Through a glass darkly
Some people will immediately recognize the reference in the title; others will have no idea. This is partly true because the quote is from the bible, and partly because the quote is metaphorical.
Whatever your beliefs about the bible, it is worth considering the phrase "Now we see as through a glass darkly. . . " You can imagine looking through the side of a pop bottle if you like. Now we see as though there were a piece of dark, heavy glass between us and the situation we are observing. Whatever we see, we miss the details.
This is a fairly accurate description of what happens when we look at ourselves. Even when we stand under a bright light in front of a mirror, what we see is filtered through how we feel. It's true when you ask "how do I look in this outfit?" and it's true when you ask "how will I succeed in this new job?" Self-reflection is never 20/20. It's more like looking through a glass darkly.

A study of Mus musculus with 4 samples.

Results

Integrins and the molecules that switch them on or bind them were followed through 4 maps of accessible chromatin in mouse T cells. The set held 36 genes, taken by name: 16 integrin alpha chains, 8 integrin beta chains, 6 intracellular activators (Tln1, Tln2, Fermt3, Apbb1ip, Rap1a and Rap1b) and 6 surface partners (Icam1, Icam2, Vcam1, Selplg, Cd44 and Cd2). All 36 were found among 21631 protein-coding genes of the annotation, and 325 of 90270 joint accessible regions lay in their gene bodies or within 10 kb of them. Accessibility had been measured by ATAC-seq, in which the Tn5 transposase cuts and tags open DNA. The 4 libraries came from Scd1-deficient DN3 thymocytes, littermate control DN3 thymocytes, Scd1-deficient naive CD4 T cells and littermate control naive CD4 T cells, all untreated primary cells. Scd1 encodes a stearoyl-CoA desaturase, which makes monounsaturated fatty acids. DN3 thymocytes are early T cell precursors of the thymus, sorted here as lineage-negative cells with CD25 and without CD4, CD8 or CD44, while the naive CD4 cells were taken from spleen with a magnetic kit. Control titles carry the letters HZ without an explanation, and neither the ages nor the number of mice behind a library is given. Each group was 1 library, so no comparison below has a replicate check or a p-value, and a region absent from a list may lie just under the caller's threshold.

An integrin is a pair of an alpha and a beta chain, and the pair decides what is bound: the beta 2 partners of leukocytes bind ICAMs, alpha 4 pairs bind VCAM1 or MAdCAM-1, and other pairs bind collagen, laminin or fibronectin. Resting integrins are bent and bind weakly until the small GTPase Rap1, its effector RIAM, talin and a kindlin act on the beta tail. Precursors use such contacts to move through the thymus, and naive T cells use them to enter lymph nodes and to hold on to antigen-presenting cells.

This means that we never really make decisions the way we say we make decisions. Our ability to see our own process is coloured and distorted by what we think we should believe, by our previous experience, by our hopes and fears. We don't know what we are doing while we make the choice, much less how the choice will affect us after it is made. Whether we choose by guessing or by analyzing, we are not good at knowing what to choose because we are not good at knowing ourselves.
How can we get better at choosing if even the people who study our choices are looking through a glass darkly? The routes to a better process begin with recognizing that the one you are using now could be better. The world is full of people who looked through the glass darkly and made a good choice anyway. The question is not how they got better information; it's how they did their best with the information they had.